Antegibbaeum fissoides

This species is the only one in its genus and is endemic to the western part of the Little Karoo. The plants may  occur in great numbers in clayey soils, usually with some quartz.  Older leaves are often covered in an unsightly black fungus. The flowers appear in late winter and early spring.

The flowering plants were photographed near the Garcia Pass 13 Sept. 2011, the other three yesterday, at the southwestern border of the Anysberg Nature Reserve.




One can encounter this species from southern Namibia to the Little Karoo. It is often locally abundant on gravelly flats and lower slopes. In spite of their lack of “rarity appeal”, it is always a joy to meet these plants in the field, because they are not only beautiful, but also show a great variation in size, shape  and colour.  The flowers may be white, cream or light pink and appear in October and November.
Unfortunately it is rather difficult to keep the plants neat and compact in cultivation.







More pictures to come.

Argyroderma fissum

This is the most common and widespread species in the genus, which occurs on the Knersvlakte in the southern part of Namaqualand. It will form mats of up to 30 cm in diameter over time. The flowers are up to 4.5 cm across and may be yellow, purple, or sometimes bright red.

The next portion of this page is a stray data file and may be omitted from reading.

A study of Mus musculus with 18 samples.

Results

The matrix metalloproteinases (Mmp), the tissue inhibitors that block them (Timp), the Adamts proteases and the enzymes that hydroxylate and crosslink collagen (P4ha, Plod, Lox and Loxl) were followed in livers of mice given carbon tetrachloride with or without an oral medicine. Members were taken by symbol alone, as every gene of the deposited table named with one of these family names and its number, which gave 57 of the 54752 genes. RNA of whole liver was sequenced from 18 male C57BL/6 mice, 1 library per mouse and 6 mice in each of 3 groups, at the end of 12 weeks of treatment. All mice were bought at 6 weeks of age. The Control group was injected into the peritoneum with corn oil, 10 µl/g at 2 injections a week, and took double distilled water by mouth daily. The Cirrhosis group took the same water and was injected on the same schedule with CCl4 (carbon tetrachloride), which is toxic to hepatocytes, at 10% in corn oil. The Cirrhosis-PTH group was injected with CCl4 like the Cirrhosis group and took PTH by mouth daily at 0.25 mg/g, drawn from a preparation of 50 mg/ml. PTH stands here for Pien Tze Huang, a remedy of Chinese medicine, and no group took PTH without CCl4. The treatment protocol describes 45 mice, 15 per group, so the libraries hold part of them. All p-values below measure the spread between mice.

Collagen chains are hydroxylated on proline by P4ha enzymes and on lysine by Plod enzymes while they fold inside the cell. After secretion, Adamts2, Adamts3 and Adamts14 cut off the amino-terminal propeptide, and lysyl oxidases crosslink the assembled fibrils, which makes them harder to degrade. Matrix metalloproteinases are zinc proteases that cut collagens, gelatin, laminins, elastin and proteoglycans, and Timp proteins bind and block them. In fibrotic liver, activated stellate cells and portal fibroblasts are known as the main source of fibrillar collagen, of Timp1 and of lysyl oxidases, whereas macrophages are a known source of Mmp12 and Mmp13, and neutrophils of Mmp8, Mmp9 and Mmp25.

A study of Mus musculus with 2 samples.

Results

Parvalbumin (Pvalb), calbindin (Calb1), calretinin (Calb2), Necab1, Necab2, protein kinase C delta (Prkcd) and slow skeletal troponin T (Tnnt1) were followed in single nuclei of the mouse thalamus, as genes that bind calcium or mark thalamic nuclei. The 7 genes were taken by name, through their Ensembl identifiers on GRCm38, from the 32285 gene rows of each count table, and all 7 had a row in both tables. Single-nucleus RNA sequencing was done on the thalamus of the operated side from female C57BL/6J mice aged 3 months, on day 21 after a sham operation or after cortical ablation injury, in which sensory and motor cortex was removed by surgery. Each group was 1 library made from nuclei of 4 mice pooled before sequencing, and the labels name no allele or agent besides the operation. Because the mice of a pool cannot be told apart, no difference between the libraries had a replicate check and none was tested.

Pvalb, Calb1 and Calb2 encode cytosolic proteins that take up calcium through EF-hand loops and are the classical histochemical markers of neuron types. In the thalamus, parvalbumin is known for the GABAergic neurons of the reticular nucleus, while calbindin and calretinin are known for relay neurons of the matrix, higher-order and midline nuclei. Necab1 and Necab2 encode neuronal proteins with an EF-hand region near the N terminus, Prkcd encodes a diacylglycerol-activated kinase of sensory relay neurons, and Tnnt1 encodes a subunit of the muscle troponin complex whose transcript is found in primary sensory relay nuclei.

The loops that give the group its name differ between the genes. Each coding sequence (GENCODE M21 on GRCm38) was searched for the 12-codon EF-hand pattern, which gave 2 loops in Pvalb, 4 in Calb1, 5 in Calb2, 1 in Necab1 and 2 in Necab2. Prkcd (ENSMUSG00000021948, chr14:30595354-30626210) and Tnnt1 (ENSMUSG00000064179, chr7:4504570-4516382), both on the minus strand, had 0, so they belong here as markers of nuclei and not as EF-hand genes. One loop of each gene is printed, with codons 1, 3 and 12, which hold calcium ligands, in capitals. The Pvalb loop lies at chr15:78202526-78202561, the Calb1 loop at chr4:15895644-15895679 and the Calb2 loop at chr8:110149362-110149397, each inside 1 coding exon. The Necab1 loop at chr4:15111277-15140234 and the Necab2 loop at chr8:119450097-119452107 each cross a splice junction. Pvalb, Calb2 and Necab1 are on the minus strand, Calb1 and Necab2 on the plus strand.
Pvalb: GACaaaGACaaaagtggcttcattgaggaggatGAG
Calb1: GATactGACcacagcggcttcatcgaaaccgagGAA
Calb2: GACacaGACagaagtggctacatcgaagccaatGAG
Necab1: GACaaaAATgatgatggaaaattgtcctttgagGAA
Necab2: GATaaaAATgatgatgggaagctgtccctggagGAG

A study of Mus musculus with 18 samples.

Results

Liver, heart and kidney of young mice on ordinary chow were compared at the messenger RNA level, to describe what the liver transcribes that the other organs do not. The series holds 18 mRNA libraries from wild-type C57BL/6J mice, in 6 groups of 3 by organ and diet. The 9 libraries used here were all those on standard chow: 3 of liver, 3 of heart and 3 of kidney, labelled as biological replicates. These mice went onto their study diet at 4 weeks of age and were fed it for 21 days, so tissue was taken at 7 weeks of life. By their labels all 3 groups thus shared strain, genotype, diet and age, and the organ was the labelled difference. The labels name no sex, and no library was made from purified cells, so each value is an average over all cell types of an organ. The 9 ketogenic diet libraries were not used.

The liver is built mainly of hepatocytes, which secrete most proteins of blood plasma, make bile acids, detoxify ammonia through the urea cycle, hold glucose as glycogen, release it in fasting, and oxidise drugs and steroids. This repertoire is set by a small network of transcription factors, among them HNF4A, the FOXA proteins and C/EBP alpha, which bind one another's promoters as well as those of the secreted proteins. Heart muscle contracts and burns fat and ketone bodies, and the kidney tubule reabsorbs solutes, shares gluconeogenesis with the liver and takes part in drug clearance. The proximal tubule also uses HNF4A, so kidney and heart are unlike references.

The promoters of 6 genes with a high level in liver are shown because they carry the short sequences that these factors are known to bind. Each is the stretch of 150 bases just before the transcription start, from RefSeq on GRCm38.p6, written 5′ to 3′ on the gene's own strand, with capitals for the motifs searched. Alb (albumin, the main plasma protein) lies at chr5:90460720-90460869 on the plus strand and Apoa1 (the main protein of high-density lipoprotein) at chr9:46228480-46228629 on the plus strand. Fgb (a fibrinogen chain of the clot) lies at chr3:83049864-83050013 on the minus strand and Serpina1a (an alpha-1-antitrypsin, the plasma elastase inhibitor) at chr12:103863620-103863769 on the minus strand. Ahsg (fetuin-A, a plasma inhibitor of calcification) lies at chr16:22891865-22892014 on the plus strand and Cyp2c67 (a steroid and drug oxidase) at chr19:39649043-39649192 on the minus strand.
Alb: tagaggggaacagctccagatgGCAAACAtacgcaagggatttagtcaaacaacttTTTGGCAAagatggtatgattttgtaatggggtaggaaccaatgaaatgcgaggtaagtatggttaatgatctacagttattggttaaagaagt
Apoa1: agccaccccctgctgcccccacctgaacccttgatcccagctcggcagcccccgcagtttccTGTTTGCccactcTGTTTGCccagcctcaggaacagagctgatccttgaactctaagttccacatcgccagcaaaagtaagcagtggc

The first picture was taken 15 July 2011, the others 9 Sept. 2009.
The last plant looks much greener and lusher, because it grows amongst Salsola and Drosanthemum bushes.




Pelargonium longifolium

Many of the more interesting Pelargoniums are geophytes*. The fact that they are hidden part of the year somehow adds to their appeal. The species shown here is very variable as to the shape and size of its leaves, which can be undivided or finely dissected and smooth or hairy. The beautiful flowers may be white, pale yellow or pink and appear from October to December.
The photos were taken last Saturday directly behind my house, where the plants grow in open or lightly vegetated sandy patches as well as on rocky outcrops. Actually the first ones I noticed were growing in an open Eucalytus coppice there.

* Plants which store water and/or food in underground storage organs and die down each year, regenerating at the start of the new growing season from buds that are hidden below soil-level.